Remaking the Association Workplace
Staff Well-Being

Seven Steps to Employee Well-Being

In this article:
Responding to staff preferences was a priority after the CEO of the Information Technology Industry Council saw how employees came through during the pandemic. More flexibility, a commitment to DEI, expanded geographical options, and other perks have created a workplace that puts a premium on employee well-being.

Jason Oxman, CAE, president and CEO of the Information Technology Industry Council, was so impressed by his staff’s productivity and dedication during the pandemic—the two most successful years in ITI’s history—that he made a concerted effort to take the lessons learned from that challenging time and bring them into a post-pandemic workplace.

“Our overall goal is to be a great place to work and make sure our employees recognize that we value their contributions to the organization—and that we wouldn’t be successful without them,” Oxman said.

In addition to lessons learned from a crisis, a lot of the changes ITI has made have been based on employee feedback and best practices among its member companies, “because they have a lot of interesting ideas about how to attract and retain a talented workforce,” Oxman said.

That includes optimizing organizational culture by investing in people in meaningful ways. Here are seven ways that ITI is doing it:

Work wherever. ITI employees can work from anywhere in the world for up to four weeks a year. “The idea is that people should have the flexibility to do their work from a place that makes sense for them for where they are in their lives at a particular point in time,” Oxman said. One employee recently chose to work from Brazil. And the four-week limit means there are no tax implications.

“Our overall goal is to make sure our employees recognize that we value their contributions to the organization.” —Jason Oxman, CAE, Information Technology Industry Council

Clutter-free Fridays. ITI does not schedule internal meetings on Fridays, giving staff the end-of-week opportunity to catch up, recharge creatively, and focus. It also offers summer hours, which start in May. The office closes at 1 p.m. on Fridays, which “allows everyone to decompress for the weekend a little early,” Oxman said.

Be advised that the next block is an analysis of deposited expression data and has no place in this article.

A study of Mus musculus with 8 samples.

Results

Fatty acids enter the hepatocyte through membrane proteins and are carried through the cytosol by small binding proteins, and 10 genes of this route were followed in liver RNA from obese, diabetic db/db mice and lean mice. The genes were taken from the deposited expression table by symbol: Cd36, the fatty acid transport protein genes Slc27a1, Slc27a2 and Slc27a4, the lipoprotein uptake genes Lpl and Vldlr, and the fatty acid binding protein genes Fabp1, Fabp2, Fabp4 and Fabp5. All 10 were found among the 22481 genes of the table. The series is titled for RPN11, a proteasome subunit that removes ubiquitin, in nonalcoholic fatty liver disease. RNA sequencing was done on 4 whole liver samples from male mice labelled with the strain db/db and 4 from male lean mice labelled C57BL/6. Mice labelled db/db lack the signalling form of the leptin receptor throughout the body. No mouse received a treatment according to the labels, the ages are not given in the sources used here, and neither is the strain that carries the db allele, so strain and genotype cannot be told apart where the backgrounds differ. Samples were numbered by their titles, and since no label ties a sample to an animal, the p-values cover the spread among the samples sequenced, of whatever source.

“I absolutely love it,” said ITI Senior Director of Marketing and Membership Natasha Goodwin. Meetings-free Fridays allow Goodwin to check off items on her to-do list and get to items she hasn’t tackled yet.

DEI culture groups. A core tenet of ITI’s mission is to integrate DEI throughout the organization’s culture. Staff-driven DEI culture groups develop educational initiatives and engagement opportunities. Recent efforts include finalizing ITI’s DEI statement and organizing group discussions on intersectionality and workplace allyship.

Skill development. ITI’s human resources team continually seeks out feedback from staff with surveys to find out what they need. The group offers staff access to LinkedIn Learning and earmarks funding so when they identify a specific learning opportunity they would like to pursue, they are able to access the resources to advance their skills.

Hybrid office. ITI is operating on a hybrid model and gives employees the choice of which three days they want to be in the office each week. “We know that having everybody physically in the same place at the same time is not necessary,” Oxman said. “The flip side of that is that flexibility is one of the things that makes us attractive as an employer.”

Funded workspace. ITI provided employees a stipend twice during the pandemic to purchase home office equipment they needed to do their jobs effectively. The funds allowed Goodwin to create a workspace in her basement with a desk, laptop stand, bookshelf, and printer-scanner.

Floating holiday. In addition to the standard list of federal holidays, ITI gives staff one floating holiday a year as part of its commitment to DEI. These are usually approved without question, Goodwin said, which enhances work-life balance.

These benefits are making a difference. “I feel like this company really values who I am and trusts me to do my work,” Goodwin said. “I’ve been in an environment where I’ve been micromanaged, and this is the total opposite of that. We trust each other, we support each other, and because of that I’m empowered to do a good job every day.”

For his part, Oxman is confident in the flexibility and latitude he is giving his employees.

“If you’ve got that track record as a team, it’s impossible for me to imagine any scenario where the flexibility we offer our employees is based on misplaced trust,” he said. “No regrets, no problems. This is the best it could be.”

Lisa Boylan

Lisa Boylan is a senior editor of Associations Now.

More from Staff Well-Being

The American Society of Clinical Oncology has had flexible schedules and results-oriented work in place since before the pandemic. The policies are the foundation for staff well-being and success in accomplishing ASCO’s mission.
With more employees than ever changing jobs, smart strategies for staff retention are especially essential. Two experts share tips on what encourages workers to stick around.